14:00 - 14:30
Wednesday, 18 September 2019
T1.5 Is past practice best practice? boil-off and contractual compensation regimes
Theme / field Technical Midstream Shipping
Is past practice best practice? boil-off and contractual compensation regimes
Could your approach to LNG boil-off rates (“BOR”) and their contractual compensation regimes be seriously damaging your wealth?
LNG cargo loss compensation regimes rarely reflect the realities from either technical or commercial perspectives. This is true for both trading and charterparty agreements.
The reason may be that the contractual parties value simplicity above accuracy. This is undoubtedly the case for trading agreements and periods on demurrage, where the calculation of loss presents a Buyer with a number of challenges in terms of remoteness and mitigation; especially in case of load port delays under a FOB contract. However, in the case of time charterparties, accuracy often seems to be sacrificed needlessly, or at least without any proportional advantage in simplicity.
In the pursuit of apparent simplicity, parity of cost may or may not be achieved between the parties. It may be time to (re)consider which party stands to benefit most when deviating from the path of technical accuracy.
Of course, we must also recognise the technical challenge of assessing boil-off for these commercial purposes. Some margin of error is unavoidable in the circumstances, particularly given the level of instrumentation fitted on board LNG carriers and the operational demands placed upon them.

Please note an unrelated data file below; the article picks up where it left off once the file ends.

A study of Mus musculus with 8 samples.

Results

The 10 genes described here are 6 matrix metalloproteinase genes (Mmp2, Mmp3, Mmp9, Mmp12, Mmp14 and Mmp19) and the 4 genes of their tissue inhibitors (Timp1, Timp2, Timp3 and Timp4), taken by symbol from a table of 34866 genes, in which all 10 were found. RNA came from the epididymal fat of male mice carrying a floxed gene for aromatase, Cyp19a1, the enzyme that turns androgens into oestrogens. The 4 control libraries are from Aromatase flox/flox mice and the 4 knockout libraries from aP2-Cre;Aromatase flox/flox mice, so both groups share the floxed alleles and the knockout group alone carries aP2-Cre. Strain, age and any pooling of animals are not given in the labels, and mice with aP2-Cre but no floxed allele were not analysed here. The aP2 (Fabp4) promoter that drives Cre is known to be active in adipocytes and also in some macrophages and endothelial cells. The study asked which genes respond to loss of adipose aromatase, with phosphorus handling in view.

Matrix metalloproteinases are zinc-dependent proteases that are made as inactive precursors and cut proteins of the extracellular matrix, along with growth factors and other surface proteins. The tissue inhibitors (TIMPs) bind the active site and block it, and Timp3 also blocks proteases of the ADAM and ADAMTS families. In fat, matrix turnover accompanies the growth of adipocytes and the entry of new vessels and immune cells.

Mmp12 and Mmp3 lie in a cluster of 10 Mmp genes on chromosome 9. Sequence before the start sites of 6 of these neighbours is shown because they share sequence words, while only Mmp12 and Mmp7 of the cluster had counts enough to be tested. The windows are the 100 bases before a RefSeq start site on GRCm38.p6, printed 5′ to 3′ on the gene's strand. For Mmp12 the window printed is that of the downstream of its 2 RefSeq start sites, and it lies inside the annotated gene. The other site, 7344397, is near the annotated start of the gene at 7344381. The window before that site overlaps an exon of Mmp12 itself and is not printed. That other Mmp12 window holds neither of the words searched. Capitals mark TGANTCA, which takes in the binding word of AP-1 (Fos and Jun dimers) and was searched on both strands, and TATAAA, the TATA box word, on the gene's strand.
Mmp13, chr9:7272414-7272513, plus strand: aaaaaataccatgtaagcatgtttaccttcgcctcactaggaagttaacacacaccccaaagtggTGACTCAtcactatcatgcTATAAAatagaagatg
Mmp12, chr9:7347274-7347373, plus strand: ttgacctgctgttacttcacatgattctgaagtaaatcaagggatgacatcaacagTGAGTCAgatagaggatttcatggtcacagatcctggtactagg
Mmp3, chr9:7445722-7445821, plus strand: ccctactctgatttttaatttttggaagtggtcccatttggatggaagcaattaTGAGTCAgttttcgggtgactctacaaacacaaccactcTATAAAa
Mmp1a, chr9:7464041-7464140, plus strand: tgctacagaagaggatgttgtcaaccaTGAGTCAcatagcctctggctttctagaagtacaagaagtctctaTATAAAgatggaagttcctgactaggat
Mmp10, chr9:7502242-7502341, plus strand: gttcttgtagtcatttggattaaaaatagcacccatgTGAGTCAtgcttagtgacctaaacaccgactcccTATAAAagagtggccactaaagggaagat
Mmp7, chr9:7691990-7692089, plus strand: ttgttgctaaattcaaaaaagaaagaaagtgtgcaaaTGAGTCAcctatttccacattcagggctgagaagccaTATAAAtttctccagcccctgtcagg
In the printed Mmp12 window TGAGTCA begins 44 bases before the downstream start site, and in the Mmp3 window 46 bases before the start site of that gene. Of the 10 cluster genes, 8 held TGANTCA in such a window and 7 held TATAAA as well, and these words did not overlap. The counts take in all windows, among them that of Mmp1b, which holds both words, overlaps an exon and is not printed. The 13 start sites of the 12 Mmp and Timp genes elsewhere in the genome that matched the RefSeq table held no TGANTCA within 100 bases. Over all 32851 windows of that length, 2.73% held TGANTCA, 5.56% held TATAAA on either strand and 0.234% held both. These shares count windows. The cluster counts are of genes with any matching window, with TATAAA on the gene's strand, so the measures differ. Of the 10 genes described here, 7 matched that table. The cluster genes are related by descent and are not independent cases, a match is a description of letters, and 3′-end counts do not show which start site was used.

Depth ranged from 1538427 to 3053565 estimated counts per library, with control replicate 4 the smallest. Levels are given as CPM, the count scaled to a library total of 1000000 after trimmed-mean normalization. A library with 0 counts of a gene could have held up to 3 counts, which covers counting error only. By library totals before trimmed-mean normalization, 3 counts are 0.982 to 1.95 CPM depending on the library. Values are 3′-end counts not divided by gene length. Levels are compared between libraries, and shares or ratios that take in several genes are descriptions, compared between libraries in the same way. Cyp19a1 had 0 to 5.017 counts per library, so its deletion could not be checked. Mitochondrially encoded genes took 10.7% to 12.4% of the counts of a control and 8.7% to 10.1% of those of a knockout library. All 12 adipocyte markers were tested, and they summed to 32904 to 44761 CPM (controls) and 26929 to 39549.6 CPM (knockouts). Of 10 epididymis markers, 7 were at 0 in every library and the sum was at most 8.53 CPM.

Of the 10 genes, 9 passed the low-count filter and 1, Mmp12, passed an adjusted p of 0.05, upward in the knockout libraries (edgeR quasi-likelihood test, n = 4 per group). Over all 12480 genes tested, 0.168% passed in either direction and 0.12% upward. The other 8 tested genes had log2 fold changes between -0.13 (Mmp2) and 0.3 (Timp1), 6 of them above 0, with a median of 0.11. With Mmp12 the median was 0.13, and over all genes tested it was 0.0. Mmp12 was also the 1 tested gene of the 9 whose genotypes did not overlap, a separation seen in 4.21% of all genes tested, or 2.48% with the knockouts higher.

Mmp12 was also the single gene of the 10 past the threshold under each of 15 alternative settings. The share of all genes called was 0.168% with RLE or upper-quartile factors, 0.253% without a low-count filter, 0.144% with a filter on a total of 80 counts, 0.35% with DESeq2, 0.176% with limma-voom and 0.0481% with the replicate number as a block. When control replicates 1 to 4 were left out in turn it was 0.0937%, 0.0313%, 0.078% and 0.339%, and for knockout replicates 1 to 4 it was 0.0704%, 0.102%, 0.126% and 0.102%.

There seems to be a wide spread reluctance to rely upon documented warranties and values (by way of cross-reference) in certain circumstances, but not others and especially not BOR values. Even where the provenance of such facts can be no more in doubt than others that are routinely relied upon - such as speed and consumption data.
It is also noted that ship-owners are reluctant to provide warranties of performance beyond what limited warranties that it they might extract from a ship-yard or contractor, particularly in circumstances where reliquefaction plants are retro-fitted. It appears there is some doubt about exactly what is included in the warranted BOR and what is excluded – especially when one looks at the calculation methods stated.
The paper explores the distinctions between the compensation allowed and the actual loss that might be suffered. The audience will be invited to revisit their own approach to this subject, or to “phone a friend”!